Leading Llamas in the Sierra

OK, back from 22 days with GG’s daughter and llamas Joe, Sarek and Theo on the John Muir Trail.  So some thoughts on llama packing, in case anyone cares.

The big pro for llama packing vs horses: you don’t have to hire a wrangler.  The biggest negative: you are the wrangler. Frankly whether you ever decide to do this or not depends on how you feel about having animals to care for. If you can’t stand the thought of a 40 pound pack but love llamas and pine for the high country, this is for you.  If you can’t tell if your pack weighs 10 or 60 pounds when you bust up Kearsarge Pass and routinely kick stray dogs, probably you don’t want to do this.

A minimal day with rental llamas might start with you getting up, packing your gear, eating your breakfast and then putting your gear into pairs of bags that balance within a pound or so (GG recommends making a list of what is in each bag the first time you get this to work so you can start more quickly each morning).  You saddle the llamas and toss on and cinch down the bags, and off you go (after spreading out the llama poop so it degrades faster).  On the trail your worries are minimal, though you want to keep an eye out for horse parties or, if outside a national park, groups with dogs (horses and mules will spook at llamas–you get well off the trail; llamas will want to face dogs and so can get in a tangled mess if dogs are too close). You may be posing for photos a big part of the day. As your hiking day wanes, you seek out a site where llamas can graze, which can be mildly tricky.  You unload the llamas, remove saddles, put out a picket line and put the llamas on it, get some water for the llamas, do some camp things, and possibly move the llamas around some (depending on the grazing) before bringing them out of the grass for night. Nothing too complex, but you do need to do it.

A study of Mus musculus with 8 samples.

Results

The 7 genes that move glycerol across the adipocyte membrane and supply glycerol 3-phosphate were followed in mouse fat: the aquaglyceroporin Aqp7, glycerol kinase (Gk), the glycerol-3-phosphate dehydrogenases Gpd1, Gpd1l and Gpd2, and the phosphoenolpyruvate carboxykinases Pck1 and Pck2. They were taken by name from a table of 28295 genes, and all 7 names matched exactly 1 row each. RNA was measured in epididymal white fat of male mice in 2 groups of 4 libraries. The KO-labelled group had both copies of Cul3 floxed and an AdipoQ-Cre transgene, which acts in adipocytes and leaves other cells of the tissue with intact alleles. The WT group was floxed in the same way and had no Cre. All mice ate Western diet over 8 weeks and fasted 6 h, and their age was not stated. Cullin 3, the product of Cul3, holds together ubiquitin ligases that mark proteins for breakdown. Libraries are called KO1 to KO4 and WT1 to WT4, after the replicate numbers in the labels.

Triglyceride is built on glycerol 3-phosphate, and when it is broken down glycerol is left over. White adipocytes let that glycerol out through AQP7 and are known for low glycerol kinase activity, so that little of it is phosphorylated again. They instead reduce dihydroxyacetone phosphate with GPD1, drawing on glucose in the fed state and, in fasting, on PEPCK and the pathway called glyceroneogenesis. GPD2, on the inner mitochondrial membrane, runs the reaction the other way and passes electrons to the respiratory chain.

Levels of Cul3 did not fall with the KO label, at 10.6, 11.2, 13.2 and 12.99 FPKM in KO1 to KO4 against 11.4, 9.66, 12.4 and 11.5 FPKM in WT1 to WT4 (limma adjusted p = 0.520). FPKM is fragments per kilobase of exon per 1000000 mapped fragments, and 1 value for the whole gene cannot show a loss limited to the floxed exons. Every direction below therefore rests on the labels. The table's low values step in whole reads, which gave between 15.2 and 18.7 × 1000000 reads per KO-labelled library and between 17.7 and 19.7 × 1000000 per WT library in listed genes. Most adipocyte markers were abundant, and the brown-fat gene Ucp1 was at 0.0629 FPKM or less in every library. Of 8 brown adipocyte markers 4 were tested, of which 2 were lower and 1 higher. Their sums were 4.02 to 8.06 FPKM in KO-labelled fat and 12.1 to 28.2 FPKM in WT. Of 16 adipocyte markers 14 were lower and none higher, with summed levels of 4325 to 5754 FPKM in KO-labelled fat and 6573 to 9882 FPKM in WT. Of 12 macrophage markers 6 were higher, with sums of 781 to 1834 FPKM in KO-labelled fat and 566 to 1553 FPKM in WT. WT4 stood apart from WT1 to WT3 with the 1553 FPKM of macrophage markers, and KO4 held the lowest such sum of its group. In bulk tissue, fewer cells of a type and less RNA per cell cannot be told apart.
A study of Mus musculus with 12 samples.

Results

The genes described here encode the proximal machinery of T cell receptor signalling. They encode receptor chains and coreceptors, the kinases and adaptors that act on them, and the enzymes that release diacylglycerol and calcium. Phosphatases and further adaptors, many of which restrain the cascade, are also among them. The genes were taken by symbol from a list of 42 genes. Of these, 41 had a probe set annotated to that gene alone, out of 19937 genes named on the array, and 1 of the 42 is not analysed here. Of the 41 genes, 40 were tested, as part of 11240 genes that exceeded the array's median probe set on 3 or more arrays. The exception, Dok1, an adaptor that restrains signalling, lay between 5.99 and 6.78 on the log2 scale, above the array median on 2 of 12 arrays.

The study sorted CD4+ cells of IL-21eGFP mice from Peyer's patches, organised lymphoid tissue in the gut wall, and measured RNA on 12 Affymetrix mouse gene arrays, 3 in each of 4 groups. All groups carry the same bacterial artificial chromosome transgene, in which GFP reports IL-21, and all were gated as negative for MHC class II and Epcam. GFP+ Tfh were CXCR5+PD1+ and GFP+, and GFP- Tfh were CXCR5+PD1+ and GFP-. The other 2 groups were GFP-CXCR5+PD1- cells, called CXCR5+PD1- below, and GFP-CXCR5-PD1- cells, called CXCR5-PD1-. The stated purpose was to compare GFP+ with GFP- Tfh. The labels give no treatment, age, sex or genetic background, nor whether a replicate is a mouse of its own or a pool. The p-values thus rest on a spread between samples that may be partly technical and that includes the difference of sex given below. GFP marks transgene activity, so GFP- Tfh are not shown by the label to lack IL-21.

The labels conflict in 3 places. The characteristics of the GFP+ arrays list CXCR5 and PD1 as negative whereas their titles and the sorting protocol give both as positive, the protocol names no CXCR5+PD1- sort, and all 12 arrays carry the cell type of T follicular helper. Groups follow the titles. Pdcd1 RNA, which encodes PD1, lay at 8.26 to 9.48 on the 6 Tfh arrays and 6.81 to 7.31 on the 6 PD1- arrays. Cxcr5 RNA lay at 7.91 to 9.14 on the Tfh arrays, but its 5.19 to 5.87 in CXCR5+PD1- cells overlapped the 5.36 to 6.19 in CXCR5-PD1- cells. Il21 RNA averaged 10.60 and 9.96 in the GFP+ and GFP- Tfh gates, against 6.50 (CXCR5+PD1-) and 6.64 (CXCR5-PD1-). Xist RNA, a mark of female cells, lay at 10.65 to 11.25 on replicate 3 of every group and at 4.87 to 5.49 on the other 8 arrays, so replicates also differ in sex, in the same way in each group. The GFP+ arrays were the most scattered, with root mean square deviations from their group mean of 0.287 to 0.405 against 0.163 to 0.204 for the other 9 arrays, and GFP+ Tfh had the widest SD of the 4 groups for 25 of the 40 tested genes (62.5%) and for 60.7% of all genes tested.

The single most worrying part is whether or not you will poison the llamas.  We were given guidance to only graze the llamas where the plants were nearly all grass and you could see soil between the clumps of grass.  Nobody got sick, so that seemed to work.  But it can make it hard to know for sure where you will be OK, especially at first as you start to study grassy areas and realize they are all different in ways that may or may not matter.  GG suspects that it helps to not leave the llamas for a long time in one place, especially if they are hungry–they might eat their way down to unpleasant stuff.  Also, outside the parks you won’t find much info on where there is good grazing–coming to a lake you plan on camping at at 4 in the afternoon only to discover there is nothing is no fun.  (FWIW, we managed pretty nearly everywhere we wanted to camp). Inside the parks, there are grazing restrictions and meadow closures to navigate (the toughest on the Muir Trail is the big closures around Rae Lakes).

Realistically, if you put the welfare of the llamas first, you will do OK.  The few non-poisoning horror stories we encountered had to do with llamas that were not seasoned for trail work and/or users who were not attuned to working with the animals.

In the Sierra, you are either using your own llamas or renting from Potato Ranch Llama Packers; nobody else seems to rent llamas in the Sierra (different story in the Rockies, where there are several operators). Note that for serious trail use, llamas need to be trained and properly prepared, so your high school friend’s llama might not be a great fit.  Generally the llamas really like to be together, so having at least 2 probably makes for happier llamas and easier management for you.

P.S.  If you really have the stomach for the blow-by-blow of the whole trip, it is slowly coming online at http://cires1.colorado.edu/people/jones.craig/Llama/index.html.